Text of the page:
Today in the Mission Yearbook

Iowa congregation sees its Matthew 25 future as remaining ‘faithful to the covenant’


Pastors Trey and Sarah Hegar share what they’ve learned after eight years at First Presbyterian Church in Mt. Pleasant

July 5, 2023


When she sat for a recent interview, the Rev. Sarah Hegar, who directs congregational ministries at First Presbyterian Church in Mt. Pleasant, Iowa, was still basking in the glow of having welcomed six confirmands into membership the previous weekend. They got there in part by studying Matthew 25 confirmation materials that asked the youth: How do you change the world?

“They are starting to think more deeply now,” Hegar said. Members of a previous confirmation class also participated since their class had been offered only online during the pandemic.

“I came away from last weekend on a high. They are so compassionate, thoughtful and hopeful,” Hager said of youth at the church. “They have such good ideas for getting involved. We should listen to them.”

Indeed, getting involved is at the heart of First Presbyterian Church’s varied Matthew 25 ministries in this community of nearly 9,000 people in southeastern Iowa.

When Hegar arrived in 2015 with her husband, the Rev. Trey Hegar, FPC’s pastor, and their son, few children were attending Sunday school. It was Trey’s idea to begin offering an after-school program on Wednesdays, which grew to include a Bible lesson, a mission project, games and crafts. “People on Sunday ask, ‘Where are the kids?’” Sarah said. “You have to come on a Wednesday afternoon to see them. We can’t keep doing church the way we’ve always done it. Matthew 25 helps us be more inventive and reach other audiences.”

Asked to imagine what the church will look like in a few years, Sarah envisions an even greater “sense of inclusion, and thinking even more broadly outside the walls of our church. It might mean constantly reminding people there is a community beyond our walls. It’s good to think about the ways we can keep the focus on mission for folks who may not leave their house much.”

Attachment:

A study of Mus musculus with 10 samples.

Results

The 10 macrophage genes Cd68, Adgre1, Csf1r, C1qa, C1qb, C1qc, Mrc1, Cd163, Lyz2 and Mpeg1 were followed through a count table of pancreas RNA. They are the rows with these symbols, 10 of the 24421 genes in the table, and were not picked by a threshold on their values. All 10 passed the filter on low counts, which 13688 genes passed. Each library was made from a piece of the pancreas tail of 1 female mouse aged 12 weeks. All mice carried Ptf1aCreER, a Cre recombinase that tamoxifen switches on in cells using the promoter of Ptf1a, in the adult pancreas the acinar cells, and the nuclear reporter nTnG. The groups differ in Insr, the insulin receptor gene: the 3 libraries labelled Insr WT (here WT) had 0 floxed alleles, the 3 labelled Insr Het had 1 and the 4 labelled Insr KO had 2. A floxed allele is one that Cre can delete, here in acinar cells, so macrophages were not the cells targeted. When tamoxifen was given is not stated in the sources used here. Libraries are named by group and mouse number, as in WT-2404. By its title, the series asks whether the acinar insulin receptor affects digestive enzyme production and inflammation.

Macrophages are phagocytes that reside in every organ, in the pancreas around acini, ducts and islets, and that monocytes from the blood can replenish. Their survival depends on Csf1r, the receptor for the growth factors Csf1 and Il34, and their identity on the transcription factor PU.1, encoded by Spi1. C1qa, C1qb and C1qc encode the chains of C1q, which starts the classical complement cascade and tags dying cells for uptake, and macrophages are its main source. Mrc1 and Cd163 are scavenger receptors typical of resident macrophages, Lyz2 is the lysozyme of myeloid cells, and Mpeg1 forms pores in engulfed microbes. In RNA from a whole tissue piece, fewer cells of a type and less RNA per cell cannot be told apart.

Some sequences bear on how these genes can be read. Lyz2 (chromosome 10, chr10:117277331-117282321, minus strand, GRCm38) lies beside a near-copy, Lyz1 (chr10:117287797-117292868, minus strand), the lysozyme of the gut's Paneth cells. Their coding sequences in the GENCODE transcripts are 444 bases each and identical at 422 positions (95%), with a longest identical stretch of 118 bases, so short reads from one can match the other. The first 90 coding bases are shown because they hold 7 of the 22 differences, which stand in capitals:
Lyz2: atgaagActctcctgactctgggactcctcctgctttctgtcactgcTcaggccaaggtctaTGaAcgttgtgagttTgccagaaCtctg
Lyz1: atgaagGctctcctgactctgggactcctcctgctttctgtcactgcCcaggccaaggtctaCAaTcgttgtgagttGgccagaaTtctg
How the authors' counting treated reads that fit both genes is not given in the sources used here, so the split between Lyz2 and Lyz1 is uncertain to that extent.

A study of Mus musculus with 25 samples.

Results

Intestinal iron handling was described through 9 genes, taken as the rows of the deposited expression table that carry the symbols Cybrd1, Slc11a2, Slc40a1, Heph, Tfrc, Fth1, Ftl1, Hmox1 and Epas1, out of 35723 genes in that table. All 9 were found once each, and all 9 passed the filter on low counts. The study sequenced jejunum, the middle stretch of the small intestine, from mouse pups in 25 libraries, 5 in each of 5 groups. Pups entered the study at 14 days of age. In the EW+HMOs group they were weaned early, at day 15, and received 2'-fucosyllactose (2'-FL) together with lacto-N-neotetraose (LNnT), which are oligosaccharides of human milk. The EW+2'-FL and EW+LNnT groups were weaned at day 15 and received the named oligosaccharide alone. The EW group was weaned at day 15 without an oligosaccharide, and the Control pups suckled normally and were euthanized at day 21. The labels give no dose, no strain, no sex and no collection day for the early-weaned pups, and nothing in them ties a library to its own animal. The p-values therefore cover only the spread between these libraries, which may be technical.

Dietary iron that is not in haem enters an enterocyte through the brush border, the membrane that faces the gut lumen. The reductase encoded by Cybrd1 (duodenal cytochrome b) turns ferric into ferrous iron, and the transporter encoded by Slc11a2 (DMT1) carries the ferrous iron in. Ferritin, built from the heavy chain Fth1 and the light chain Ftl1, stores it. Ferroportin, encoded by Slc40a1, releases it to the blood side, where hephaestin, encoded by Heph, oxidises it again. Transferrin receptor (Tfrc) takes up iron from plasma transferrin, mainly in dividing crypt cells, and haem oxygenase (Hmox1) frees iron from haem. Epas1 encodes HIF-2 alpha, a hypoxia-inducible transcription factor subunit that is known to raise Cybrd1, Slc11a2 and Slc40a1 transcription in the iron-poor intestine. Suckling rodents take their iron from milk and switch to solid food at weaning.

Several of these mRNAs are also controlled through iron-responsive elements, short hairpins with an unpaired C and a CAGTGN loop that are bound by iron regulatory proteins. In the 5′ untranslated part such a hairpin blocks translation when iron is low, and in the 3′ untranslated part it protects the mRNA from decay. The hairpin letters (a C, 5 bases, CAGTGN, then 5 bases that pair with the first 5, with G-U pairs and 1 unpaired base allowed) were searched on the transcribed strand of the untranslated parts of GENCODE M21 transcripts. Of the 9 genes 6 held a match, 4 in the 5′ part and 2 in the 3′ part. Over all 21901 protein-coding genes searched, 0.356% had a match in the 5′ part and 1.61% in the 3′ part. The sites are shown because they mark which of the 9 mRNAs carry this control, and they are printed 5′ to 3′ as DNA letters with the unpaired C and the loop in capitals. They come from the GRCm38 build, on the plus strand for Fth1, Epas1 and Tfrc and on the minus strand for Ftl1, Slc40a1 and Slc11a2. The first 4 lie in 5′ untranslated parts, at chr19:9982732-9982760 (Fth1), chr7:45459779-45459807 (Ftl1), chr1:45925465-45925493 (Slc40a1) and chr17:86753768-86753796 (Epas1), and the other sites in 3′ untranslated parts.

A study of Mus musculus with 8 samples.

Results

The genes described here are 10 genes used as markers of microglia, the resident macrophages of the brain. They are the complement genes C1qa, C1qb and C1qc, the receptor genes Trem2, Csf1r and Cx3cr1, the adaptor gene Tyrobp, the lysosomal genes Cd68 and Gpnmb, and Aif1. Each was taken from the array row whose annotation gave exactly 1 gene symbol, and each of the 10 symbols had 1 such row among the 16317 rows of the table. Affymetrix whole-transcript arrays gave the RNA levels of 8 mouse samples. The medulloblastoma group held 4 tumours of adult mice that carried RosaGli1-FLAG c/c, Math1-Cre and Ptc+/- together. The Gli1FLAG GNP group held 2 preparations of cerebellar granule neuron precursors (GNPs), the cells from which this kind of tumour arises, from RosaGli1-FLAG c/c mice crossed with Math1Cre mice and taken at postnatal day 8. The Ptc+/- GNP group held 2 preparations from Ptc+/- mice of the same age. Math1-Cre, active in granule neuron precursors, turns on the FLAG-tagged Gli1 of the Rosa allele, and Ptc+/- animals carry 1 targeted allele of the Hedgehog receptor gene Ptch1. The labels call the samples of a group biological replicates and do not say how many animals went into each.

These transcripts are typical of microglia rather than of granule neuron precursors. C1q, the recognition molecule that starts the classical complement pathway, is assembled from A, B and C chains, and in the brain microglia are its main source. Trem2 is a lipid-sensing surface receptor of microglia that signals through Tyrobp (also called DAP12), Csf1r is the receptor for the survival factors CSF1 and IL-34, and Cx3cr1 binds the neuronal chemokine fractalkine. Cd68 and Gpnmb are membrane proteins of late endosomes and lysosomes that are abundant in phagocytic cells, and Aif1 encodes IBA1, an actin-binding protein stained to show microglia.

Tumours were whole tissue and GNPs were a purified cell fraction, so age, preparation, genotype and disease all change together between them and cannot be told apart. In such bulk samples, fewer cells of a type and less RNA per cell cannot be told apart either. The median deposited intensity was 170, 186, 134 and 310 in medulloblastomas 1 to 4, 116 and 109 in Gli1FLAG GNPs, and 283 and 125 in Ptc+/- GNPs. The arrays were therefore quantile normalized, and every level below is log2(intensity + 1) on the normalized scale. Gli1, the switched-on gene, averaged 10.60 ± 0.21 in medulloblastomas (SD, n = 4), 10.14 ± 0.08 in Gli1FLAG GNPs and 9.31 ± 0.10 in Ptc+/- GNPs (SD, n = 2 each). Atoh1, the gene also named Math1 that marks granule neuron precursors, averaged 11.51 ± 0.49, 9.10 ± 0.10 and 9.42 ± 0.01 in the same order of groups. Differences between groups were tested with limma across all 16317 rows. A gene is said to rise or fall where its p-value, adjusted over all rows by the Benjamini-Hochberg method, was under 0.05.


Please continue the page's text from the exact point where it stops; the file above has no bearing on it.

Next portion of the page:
That work builds on efforts begun during the pandemic, when the church distributed Advent wreaths for members and friends to assemble and count down the days until Christmas. Sarah said the mission has expanded to “How can we keep serving online folks and make them feel like an important part of the church?”

The Rev. Trey Hegar (photo by Rich Copley/Presbyterian Mission Agency)

“One conversation we have been having is around connectionalism,” she said. “Other folks will be hearing our story, but it’s also a chance to hear their stories. That’s been a good thing because it reminds people there are so many churches doing great things. What we’re doing here is also really great, and people will want to hear our story, too.”

One of the congregation’s Matthew 25 focuses is congregational vitality, because, as Trey notes, “what gives us the most energy is serving others. When we focus on what we can do in partnership with others, we find ourselves energized and coming up with new ideas.”

“We’ve tried everything we know to do to get people to come to church — host the world’s best potluck, have a bounce house — and people don’t bang down our door. We were beyond knowing what to do next. We didn’t even know the right questions to ask. Now we ask, ‘What do our neighbors need?’ We ask, ‘How can we make our community grow and thrive?”

“That’s where we found our energy,” Trey said, “and that’s where we found our neighbors.”

For Trey, evangelism is more than “beating people over the head with a weaponized Bible. It’s about proclaiming the good news of God as opposed to the good news of Caesar,” who “used enslaved people to build infrastructure. Jesus said, ‘We are going to set the enslaved free and take care of the widows and children.’ That life counts just as much as this life. The good news is living into that, not just some heavenly place far away.”

First Presbyterian Church has indeed lived into that good news through ministries including IowaWINs and All God’s Creatures, as well as its partnership with the minimum-security prison in Mt. Pleasant.

“This congregation always understood the relational aspect of how life can be,” Trey said. “We all have something that’s broken in us. Here there is permission to take that brokenness and offer it up. They do that. It’s in their DNA.”

Mike Ferguson, Editor, Presbyterian News Service

Today’s Focus: First Presbyterian Church in Mt. Pleasant, Iowa

Let us join in prayer for:

PC(USA) Agencies’ Staff
John Glenn, Network Operations Manager, Information Technology, Administrative Services Group (A Corp)
Thomas Goetz, Long-term mission volunteer serving in Japan, World Mission, Presbyterian Mission Agency

Let us pray

God of grace and glory, we thank you for this ministry and outreach. We ask that you would continue to encourage and challenge them to accomplish your work as you lead them. In the name of our Savior. Amen.